On Oct. 1, 1999, the sprint football team beat Cornell, 12– 7, in its home opener. The team then lost 72 of its next 73 games, including a losing streak that had stretched last month to 32 games.
This season’s third game (a 10–6 loss to Mansfield University) was close, however — closer than Princeton had gotten in years. And so it was with some degree of optimism that the team began practice on Wednesday, Oct. 20, two days before the season’s penultimate game against Navy.
“Just getting better — that’s what we try to do every week,” said Thomas Cocuzza, the team’s head coach, as his players counted out jumping jacks.
“One-two-three-T! ... One-two-three-I! ... One-two-three-G! ... One-two-three-E! ... ”
Team captain Robert Marsland ’11 saw bright spots in the team’s defense, and said the squad’s improvement this season “gives you enough hope that this will actually be the year, because we know it’s not the same as last year.”
Marsland, a lineman, had never played organized football before joining the team he now leads. But then, every player has been a walk-on since the athletic department stripped the program of its six admission slots in 1998.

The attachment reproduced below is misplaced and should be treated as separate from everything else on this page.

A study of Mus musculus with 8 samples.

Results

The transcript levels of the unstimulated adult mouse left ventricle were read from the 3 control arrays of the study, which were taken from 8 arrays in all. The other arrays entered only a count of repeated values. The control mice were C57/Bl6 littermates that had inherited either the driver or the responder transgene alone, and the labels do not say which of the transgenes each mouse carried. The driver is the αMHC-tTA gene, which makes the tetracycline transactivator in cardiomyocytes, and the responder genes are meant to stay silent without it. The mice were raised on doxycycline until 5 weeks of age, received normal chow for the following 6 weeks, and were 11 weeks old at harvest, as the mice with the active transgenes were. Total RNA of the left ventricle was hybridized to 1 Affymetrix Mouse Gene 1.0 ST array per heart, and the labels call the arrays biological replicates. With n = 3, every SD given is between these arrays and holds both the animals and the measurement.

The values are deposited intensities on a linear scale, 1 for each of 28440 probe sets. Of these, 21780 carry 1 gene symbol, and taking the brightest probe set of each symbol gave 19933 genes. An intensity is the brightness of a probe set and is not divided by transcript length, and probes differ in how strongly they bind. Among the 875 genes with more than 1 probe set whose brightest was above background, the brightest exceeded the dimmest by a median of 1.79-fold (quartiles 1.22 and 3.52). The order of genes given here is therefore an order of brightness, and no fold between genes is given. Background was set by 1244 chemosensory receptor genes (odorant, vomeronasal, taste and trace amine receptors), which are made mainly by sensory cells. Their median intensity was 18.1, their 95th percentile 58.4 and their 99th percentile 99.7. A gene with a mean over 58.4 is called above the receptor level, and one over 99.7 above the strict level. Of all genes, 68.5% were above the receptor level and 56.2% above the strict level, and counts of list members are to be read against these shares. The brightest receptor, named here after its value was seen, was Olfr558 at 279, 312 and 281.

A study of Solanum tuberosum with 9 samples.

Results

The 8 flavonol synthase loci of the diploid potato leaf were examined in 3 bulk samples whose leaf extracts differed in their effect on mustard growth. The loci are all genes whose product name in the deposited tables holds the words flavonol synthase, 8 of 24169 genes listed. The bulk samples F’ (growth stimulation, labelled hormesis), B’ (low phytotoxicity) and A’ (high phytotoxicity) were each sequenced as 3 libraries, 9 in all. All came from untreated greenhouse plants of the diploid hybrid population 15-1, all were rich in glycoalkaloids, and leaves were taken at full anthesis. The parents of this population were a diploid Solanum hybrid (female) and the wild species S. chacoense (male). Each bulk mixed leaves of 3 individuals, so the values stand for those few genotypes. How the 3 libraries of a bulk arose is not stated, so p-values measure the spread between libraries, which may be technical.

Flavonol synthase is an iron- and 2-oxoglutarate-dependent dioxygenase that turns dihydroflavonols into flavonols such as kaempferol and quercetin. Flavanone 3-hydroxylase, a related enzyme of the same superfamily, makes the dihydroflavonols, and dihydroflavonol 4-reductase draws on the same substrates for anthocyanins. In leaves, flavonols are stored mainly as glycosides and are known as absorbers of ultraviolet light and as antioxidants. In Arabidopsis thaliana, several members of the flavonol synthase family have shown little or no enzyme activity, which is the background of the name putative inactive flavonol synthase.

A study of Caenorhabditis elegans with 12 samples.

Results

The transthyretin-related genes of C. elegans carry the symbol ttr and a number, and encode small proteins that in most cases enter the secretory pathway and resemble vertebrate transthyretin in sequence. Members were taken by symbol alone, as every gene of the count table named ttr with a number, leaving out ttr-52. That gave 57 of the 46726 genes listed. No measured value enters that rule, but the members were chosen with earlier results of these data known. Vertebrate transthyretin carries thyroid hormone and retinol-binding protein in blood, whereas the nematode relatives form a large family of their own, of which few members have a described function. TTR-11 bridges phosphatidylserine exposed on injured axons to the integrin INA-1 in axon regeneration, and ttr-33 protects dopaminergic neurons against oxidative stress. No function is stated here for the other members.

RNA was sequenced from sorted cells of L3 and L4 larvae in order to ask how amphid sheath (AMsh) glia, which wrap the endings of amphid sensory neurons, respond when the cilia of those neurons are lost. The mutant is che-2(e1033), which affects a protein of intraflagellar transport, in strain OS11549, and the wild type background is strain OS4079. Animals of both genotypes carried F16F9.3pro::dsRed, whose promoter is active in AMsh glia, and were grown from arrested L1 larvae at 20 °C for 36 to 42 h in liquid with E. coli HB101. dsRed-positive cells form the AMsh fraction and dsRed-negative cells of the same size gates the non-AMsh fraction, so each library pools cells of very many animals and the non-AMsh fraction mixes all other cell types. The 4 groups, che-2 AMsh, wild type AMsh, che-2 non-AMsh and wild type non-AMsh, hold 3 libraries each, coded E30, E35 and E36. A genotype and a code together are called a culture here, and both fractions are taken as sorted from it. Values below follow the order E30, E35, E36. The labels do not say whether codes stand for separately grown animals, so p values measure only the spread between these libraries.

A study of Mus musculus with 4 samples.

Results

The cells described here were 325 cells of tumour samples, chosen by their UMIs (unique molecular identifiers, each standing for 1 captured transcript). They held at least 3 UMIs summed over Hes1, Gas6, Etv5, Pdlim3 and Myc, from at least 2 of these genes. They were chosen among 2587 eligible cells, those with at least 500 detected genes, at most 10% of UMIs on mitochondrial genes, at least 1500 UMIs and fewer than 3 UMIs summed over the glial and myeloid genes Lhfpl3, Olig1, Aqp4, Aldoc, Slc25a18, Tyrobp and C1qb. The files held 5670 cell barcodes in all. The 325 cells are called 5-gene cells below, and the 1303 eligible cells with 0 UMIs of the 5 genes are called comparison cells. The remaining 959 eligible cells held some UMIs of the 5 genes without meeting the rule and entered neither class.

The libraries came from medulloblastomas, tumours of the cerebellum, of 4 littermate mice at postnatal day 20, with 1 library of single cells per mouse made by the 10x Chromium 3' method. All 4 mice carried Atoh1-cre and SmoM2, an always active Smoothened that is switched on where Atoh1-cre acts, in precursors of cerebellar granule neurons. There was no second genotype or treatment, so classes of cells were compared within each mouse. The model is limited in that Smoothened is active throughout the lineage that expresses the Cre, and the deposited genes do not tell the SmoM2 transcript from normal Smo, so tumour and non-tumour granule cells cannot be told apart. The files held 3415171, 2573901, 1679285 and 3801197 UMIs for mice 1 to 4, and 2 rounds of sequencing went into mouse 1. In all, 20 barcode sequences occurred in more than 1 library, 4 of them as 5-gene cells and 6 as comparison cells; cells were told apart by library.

The squad’s sparse roster — 32 players this year — means that most team members take on both offensive and defensive duties during games. This shortage affects practice time, too: During the Wednesday session, only a few players could run passing drills while the rest had to learn a new blitz scheme.
Many who do join the sprint team play for the love of a game that they would otherwise be too small to continue in college (sprint footballers must weigh less than 172 pounds).
“Football’s the best sport in America,” said linebacker Adrian Colarusso ’11, the team’s co-captain. “It’s hard-hitting; it’s a battle.”
Princeton’s battle against Navy two days later had an unhappy result as the Tigers lost, 67–0. But Marsland said that Princeton’s struggles have taught players the importance of believing every game can be a win. Indeed, by the end of the two-hour practice Wednesday, the team looked and talked like any other: tired, sweaty, and excited for the challenge ahead.
“You can’t go into a football game thinking you’re going to lose, or else you get walked over and everyone gets injured,” Marsland said. “It has to be a fight every time.”